Every summer, the Internet floods with viral videos of the Ice Bucket Challenge to raise money and awareness for ALS, otherwise known as amyotrophic lateral sclerosis or Lou Gehrig’s disease, and every year The ALS Association sees a noble increase in its donations.
Westchester County is especially familiar with the challenge, as it was co-founded right here by Yonkers native Pat Quinn, who was diagnosed with ALS in 2013 at age 30. Sadly, Quinn’s “Quinn for the Win” organization announced via Facebook that Quinn passed away of the disease on November 22, 2020 at age 37.
“He was a blessing to us all in so many ways. We will always remember him for his inspiration and courage in his tireless fight against ALS,” says Quinn for the Win.
Over the years, the challenge — in which participants dump pails of ice water over their heads before challenging three others to do the same or donate $100 — raises more than $115 million for The ALS Association and more than $220 million for ALS research globally.
We send our deepest condolences to the family and friends of @PQuinnfortheWin, who inspired millions of people to #StrikeOutALS. As the fight continues, we will forever remember Pat’s courage, determination and optimism. pic.twitter.com/UUEQajm9Kx
— MLB Communications (@MLB_PR) November 23, 2020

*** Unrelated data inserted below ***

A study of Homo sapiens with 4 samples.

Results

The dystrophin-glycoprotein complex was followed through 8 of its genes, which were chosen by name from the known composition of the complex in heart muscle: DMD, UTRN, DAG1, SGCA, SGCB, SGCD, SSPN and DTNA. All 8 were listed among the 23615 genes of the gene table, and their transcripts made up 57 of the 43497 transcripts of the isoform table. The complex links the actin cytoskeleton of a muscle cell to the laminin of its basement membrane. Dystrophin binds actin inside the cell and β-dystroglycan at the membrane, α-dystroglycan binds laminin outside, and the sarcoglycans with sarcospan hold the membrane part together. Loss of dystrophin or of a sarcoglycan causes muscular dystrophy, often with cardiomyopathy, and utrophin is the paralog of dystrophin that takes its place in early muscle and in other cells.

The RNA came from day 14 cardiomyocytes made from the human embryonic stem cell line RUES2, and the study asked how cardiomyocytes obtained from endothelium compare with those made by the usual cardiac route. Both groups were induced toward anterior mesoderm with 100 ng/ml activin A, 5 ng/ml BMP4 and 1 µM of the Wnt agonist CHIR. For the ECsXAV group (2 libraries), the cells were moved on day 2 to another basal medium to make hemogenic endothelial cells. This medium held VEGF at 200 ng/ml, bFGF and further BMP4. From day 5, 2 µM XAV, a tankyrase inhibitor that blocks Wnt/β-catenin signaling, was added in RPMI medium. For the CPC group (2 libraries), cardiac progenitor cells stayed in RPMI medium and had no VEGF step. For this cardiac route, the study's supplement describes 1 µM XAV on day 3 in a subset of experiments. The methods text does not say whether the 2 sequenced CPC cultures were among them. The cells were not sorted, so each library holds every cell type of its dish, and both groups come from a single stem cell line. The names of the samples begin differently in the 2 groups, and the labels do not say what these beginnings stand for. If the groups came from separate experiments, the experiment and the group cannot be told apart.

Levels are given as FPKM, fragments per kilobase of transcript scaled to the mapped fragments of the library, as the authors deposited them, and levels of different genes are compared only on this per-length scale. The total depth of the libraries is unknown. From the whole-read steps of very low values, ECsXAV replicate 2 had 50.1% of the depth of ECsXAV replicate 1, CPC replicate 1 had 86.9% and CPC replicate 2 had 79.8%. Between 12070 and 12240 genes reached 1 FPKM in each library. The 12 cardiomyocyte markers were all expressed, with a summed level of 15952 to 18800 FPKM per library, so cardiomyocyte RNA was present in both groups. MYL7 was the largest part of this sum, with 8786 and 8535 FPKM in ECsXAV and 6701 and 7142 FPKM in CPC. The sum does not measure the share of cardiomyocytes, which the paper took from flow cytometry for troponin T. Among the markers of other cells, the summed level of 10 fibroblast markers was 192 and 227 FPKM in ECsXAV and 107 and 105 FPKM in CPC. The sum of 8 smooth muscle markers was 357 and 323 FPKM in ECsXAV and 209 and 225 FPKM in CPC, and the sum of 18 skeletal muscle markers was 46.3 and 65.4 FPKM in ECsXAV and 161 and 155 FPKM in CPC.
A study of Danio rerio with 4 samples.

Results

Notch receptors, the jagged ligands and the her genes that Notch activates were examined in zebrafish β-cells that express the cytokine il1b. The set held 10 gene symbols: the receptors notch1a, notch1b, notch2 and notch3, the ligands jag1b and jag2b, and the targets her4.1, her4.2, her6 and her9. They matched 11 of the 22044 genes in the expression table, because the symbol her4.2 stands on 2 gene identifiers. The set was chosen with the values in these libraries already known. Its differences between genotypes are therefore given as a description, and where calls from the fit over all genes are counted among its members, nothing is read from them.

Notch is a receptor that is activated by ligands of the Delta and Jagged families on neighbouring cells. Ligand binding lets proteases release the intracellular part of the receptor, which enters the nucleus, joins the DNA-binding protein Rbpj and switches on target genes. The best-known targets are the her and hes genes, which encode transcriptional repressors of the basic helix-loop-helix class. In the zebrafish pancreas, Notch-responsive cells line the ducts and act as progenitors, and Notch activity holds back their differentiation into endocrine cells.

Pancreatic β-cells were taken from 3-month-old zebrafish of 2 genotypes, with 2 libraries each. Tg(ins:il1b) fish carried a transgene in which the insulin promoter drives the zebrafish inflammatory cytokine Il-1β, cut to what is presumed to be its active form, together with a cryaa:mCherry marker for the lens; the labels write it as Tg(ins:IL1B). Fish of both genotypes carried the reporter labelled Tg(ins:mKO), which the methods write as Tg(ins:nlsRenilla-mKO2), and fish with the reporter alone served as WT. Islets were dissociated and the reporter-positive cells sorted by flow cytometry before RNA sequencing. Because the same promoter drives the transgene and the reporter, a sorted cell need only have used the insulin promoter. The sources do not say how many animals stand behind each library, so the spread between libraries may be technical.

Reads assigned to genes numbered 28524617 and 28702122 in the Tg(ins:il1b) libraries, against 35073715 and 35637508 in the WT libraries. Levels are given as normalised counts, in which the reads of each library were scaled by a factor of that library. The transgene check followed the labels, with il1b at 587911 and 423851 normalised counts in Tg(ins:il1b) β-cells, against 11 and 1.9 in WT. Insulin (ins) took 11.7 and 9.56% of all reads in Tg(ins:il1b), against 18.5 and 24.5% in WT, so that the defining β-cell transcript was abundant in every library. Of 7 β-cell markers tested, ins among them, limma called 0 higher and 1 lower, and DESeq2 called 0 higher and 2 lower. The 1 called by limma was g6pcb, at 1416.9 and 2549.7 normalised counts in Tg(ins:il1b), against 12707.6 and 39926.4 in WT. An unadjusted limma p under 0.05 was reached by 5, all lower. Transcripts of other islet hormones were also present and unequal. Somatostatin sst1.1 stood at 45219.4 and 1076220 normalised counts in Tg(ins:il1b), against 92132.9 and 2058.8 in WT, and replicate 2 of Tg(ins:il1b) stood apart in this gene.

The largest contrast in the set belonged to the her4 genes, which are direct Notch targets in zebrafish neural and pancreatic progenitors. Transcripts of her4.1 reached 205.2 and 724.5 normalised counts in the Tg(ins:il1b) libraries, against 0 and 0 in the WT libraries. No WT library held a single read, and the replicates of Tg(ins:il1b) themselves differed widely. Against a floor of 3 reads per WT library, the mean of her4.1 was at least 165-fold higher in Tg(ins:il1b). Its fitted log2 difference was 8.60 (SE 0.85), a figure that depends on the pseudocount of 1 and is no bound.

Quinn was a common fixture in Westchester schools, often speaking to assembled students on the topics of ALS and adversity. Average survival rates for ALS typically range from 20 to 48 months from diagnosis, though 10-20 percent of patients can live more than 10 years, such as famed astrophysicist Stephen Hawking. Quinn had just returned home from the hospital on Friday after receiving a tracheostomy.
A new way of life after tracheostomy, but its LIVING & I got shit to do! Last time I left the hospital, I was right back 1 day later with pneumonia/struggling to breathe. Round 2 today of going home! Wish me luck! I better be there for awhile! #Quinn4theWin #FightingALS pic.twitter.com/s0Wnt0SAx8
— Pat Quinn (@PQuinnfortheWin) November 20, 2020
“Pat fought ALS with positivity and bravery and inspired all around him,” says The ALS Association in a statement. “Those of us who knew him are devastated but grateful for all he did to advance the fight against ALS.”